Sati: Suicide, Murder, or Martyrdom?


Deepali Gaur Singh

Sati -- women's self-immolation on her husband's funeral pyre, often coerced -- has been eulogized, romanticized, worshiped and has achieved divine status in parts of northern India.

A woman sitting on the pyre of her dead husband with his head on her lap waiting to go up in flames with him…joining him in his final journey. As much as it would appear a scene from a film set in pre-independence India, there are still parts of the country that are recent witnesses to such a scene. And this is the manner in which the practice of sati has been eulogized, romanticized, worshipped and has achieved divine status in parts of northern India. Temples have been built in reverence. Stories of the unflinching valor in the lap of flames have been told and re-told…of ordinary women leading less than ordinary lives. Most of the time not even treated as equal in their marital homes, these women tragically achieved an individual identity in death.

Sati is believed to have been ritualized in medieval India. It came to be particularly closely associated with a warrior caste in the north state of Rajasthan and sati was seen as an extreme expression of marital valor. Banned in colonial India in 1829, the practice has managed to survive raising a debate on the continued existence of sati temples in north-west India.

The turning point in the practice in more recent years came with the Roop Kanwar episode of 1987, which re-initiated a debate on the subject in the fiftieth year of India's independence. This incident of Sati in Deorala – a small village in Rajasthan – became a flash point for the clash between woman's rights groups and a ritual held in divine reverence by many. Roop Kanwar – the sati – was seventeen at the time she committed (or was compelled to commit) the act. If she had survived the chances of her leading a respectable life were even more limited having lost her husband barely eight months into the marriage. Even more horrific than the sight of her dying perhaps was the blasé manner in which her death was glorified by local politicians who even protested the police action following the incident. The scenes following her death were of congregations and celebrations, ceremonies and festivals in the surrounding villages, district and state to the extent that money was raised through collections from believers for the construction of a temple at the site where the incident took place, and all this under the hawk-eye of the law.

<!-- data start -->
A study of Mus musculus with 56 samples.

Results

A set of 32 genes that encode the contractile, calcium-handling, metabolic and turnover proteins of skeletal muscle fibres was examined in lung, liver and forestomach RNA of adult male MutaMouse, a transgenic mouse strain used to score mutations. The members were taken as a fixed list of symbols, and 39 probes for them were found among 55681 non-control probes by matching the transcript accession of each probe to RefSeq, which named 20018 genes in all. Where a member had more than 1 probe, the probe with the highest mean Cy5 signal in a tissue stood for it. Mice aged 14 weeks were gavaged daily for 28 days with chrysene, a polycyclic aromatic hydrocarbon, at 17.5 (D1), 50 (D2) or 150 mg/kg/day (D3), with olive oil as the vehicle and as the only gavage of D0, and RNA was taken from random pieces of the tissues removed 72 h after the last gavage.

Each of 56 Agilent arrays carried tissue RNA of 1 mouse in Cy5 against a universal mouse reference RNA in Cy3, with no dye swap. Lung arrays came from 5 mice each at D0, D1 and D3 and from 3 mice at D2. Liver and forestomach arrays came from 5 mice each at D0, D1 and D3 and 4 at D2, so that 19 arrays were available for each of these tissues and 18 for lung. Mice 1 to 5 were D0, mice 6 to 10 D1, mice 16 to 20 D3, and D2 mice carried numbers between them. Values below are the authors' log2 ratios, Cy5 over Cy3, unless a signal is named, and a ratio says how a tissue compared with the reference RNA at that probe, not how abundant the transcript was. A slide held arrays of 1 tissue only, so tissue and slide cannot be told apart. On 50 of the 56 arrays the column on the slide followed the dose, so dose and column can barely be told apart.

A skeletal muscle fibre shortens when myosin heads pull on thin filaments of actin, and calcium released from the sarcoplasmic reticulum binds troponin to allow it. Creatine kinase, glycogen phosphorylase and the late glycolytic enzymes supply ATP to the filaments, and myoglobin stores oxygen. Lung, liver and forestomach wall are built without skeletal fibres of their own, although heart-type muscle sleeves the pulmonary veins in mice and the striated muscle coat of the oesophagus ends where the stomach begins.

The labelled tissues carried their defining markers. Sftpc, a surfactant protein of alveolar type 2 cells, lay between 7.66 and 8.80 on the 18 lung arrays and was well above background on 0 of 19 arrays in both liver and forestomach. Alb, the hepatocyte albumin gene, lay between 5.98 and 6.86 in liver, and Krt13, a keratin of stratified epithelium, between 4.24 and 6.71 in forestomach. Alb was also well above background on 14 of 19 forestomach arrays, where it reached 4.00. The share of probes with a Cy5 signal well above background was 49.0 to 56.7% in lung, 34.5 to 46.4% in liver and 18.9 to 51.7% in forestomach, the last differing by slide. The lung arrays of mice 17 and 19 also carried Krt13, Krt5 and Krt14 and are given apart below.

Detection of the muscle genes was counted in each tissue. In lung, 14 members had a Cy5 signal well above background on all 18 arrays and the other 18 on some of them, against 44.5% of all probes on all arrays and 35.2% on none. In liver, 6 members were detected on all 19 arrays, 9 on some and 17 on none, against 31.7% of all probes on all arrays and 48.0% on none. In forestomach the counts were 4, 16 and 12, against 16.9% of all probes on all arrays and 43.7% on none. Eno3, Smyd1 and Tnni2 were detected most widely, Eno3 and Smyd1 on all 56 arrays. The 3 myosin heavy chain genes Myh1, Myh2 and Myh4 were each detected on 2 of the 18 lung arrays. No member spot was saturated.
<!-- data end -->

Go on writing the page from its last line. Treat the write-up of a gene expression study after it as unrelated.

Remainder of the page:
A series of sustained protests led to the promulgation of the Rajasthan Sati (Prevention) Ordinance, 1987, by the State government in an attempt to prevent the glorification of an act seen as murder by many, making any attempt to commit, abetment and glorification of sati punishable. Despite the law all people booked under the law following the 1987 incident were able to go scot-free in 2004. A reflection of the hurdles for similar future prosecutions was evidenced in the manner in which senior government officials and functionaries reneged on their earlier statements as witnesses. It also reflected the deep-seated patriarchal beliefs of honor and valor that determine the lives – as also how they die – of women trapped in such social set-ups.

Sex. Abortion. Parenthood. Power.


Coming back to the new proposed amendments the jail terms for the abettors have been enhanced significantly. Besides, the entire community is to be held accountable for any incidence of sati. But for a custom that has survived 500 years how much can longer prison sentences do to deter a practice that for many women is the very basis (and perhaps the only basis) of their identities – to live for and die with their husbands. These are identities based on the reinforcement of traditional assumptions about family, community and the social order, within which women occupy a defined and subordinate place.

While well-meaning the changes seek to make the law act as a strong deterrent to the crime by protecting unwilling women coerced into the funeral pyre the amendments proposed have already run into rough weather. The Union Minister for Mines, himself from the state of Rajasthan has sought that only temples built post-1987 should come under the spanner. If accepted it would mean that while Roop Kanwar stands to lose her divine status those who killed themselves (or were killed) prior to the 1987 incident get to hold on to their divinity even as their families reap the harvest from their untimely death and godly status eulogized in the temples built in their memory.